Invictus inks fresh deal to scale up oil search



INVICTUS Energy, the southern Africa-focused Australian resources firm that is scouring north-eastern Zimbabwe for oil and gas, scaled up the search yesterday after inking a fresh deal giving it impetus to conclude groundwork before test wells are drilled.

In a market update, Invictus said it had inked an agreement with Canada-based Polaris Natural Resources Inc to provide acquisition services for its first two-dimension 2D seismic programme on the oilfields. It is an advanced search method that will combine sound to define where the wells will be located at the heart of a 2 000-hectare oilfield in Muzarabani district that had previously been partially explored and abandoned by Mobil in the early 1990s.

Polaris has conducted over 1 000 seismic projects since 1996 and introduced the first “low impact seismic crew” into Africa in 2008.

Invictus has said it will drill its first test well in the final quarter of 2021, and yesterday’s deal will be key in helping the firm establish the exact location for sinking the shaft. Last month, the Australia Stock Exchange-listed outfit raised about US$6 million for the project and signed a petroleum exploration development and production agreement with the government of Zimbabwe, marking an important step towards execution of the crucial project.

“Polaris has conducted over 15 projects in east Africa and has been well accepted in all communities where they have operated,” Invictus said yesterday.

Bill Mooney, Polaris chief executive officer said: “Polaris is very pleased to support Invictus on this world-class project. The combination of technologies being employed represent not only the lightest seismic footprint possible, but also allows for very fast and high resolution data acquisition”.

Invictus intends to conduct, process, and interpret a minimum of 400 line kilometres of 2D seismic in order to refine the Muzarabani-1 drilling location and well path.

The southern Africa-focussed Australian firm, which has been exploring for oil/gas on swaths of Zambezi Basin forests since 2015, has said it could be sitting on Africa’s largest find.

It has reported that results so far have been promising.

This is a region that is in close proximity to recent discoveries in nearby Mozambique, which are billed to transform the country.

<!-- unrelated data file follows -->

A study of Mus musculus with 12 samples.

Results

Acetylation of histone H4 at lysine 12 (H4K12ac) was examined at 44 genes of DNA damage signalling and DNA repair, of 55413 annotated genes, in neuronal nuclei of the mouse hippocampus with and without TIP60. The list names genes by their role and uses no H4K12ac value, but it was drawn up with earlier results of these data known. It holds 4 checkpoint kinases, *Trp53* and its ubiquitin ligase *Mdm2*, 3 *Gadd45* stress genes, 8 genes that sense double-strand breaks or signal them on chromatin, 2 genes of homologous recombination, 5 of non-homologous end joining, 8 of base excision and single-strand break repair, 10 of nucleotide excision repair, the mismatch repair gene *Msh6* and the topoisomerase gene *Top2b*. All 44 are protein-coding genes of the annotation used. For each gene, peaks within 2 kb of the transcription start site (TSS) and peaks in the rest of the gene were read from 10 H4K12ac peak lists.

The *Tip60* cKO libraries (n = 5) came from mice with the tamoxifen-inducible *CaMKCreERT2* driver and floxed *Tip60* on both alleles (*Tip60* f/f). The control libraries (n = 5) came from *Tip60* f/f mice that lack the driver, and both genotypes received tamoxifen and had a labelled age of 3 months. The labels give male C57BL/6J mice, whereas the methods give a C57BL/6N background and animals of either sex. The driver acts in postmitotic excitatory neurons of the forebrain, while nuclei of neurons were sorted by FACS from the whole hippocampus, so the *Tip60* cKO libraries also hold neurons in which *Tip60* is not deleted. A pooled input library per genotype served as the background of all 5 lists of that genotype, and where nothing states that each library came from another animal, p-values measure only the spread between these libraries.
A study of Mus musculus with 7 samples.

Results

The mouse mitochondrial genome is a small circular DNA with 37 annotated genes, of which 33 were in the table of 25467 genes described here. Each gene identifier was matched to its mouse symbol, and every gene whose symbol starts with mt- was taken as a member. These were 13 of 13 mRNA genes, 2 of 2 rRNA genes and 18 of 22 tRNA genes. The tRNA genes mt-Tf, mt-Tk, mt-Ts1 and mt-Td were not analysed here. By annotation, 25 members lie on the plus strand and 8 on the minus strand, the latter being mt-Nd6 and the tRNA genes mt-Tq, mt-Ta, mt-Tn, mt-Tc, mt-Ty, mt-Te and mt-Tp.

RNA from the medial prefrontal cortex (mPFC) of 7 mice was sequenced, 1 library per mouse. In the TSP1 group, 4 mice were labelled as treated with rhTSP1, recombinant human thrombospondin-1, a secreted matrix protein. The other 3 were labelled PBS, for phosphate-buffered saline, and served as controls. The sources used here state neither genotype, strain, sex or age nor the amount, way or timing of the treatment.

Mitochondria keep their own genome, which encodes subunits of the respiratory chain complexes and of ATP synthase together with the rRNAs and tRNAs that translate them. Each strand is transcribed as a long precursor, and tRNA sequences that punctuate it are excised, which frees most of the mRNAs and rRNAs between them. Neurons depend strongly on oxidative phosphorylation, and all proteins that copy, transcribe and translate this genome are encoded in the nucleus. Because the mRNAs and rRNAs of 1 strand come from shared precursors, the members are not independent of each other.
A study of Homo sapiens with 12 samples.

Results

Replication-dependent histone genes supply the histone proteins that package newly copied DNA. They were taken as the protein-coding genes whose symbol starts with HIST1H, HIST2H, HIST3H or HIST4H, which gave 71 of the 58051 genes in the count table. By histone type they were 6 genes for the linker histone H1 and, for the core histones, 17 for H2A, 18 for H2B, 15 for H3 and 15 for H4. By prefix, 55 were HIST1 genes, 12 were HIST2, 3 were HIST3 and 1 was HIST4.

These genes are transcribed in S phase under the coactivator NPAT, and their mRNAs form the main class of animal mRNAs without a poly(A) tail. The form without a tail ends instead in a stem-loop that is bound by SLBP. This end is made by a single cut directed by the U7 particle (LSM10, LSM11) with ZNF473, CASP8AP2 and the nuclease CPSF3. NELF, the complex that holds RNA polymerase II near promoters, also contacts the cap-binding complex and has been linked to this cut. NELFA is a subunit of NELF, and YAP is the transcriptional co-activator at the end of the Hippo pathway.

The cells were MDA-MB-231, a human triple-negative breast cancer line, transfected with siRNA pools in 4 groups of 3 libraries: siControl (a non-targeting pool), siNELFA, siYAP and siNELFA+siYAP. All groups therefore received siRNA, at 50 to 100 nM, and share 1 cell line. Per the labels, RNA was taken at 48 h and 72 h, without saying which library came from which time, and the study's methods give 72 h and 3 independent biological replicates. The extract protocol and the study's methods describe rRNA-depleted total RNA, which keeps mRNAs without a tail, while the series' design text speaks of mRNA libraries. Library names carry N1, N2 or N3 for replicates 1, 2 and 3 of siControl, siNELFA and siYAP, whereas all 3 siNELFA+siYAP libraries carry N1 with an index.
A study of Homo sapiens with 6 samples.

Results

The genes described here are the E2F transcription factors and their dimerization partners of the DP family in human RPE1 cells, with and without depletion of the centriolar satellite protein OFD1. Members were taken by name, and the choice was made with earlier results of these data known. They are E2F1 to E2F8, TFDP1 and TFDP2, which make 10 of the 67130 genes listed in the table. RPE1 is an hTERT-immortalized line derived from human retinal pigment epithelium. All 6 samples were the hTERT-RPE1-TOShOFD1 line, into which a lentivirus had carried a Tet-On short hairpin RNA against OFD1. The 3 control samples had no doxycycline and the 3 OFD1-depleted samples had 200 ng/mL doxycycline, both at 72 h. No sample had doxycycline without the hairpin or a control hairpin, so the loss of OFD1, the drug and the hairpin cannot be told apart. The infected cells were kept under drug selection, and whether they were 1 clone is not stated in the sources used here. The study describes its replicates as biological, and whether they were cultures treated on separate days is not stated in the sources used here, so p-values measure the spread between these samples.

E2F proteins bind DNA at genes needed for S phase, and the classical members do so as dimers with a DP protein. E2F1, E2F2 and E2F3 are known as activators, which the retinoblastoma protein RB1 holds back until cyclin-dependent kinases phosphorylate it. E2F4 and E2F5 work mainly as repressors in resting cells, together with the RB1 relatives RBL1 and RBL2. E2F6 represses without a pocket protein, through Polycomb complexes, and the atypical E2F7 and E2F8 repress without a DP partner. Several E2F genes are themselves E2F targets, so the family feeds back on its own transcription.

This could be the reason why Invictus said in August last year it was determined to raise US$20 million to sink its first test wells after spending about US$3,5 million on preliminary work.

For now, it looks like the oil/gas find is set to make a huge impact, considering the scale of the resource being estimated by Invictus.

“(Invictus is) progressing the development of the Cabora Bassa project in Zimbabwe that encompasses the Muzarabani prospect, a multi-TCF conventional gas-condensate (a multi-trillion cubic feet) target which is potentially the largest, undrilled seismically defined structure onshore Africa,” the firm said in a commentary accompanying financial results for the half year ended December 31, 2020.

“The prospect is defined by a robust data set acquired by Mobil in the early 1990s that includes seismic, gravity, aeromagnetic and geochemical data.

“During the reporting period, Geo Associates, the company’s 80% owned subsidiary and holder of Special Grant 4571 received notification that its application to extend the tenure of the SG 4571 licence for a further three years was granted by the Mining Affairs Board.

“The exploration licence for the second period runs to August 2023.

“The company will undertake a comprehensive work programme for the second three-year exploration period including the commitment to drill a minimum of one exploration well.

“The company received approval of its application to renew the investment licence from the Zimbabwe Investment and Development Authority for a period of five years,” it said.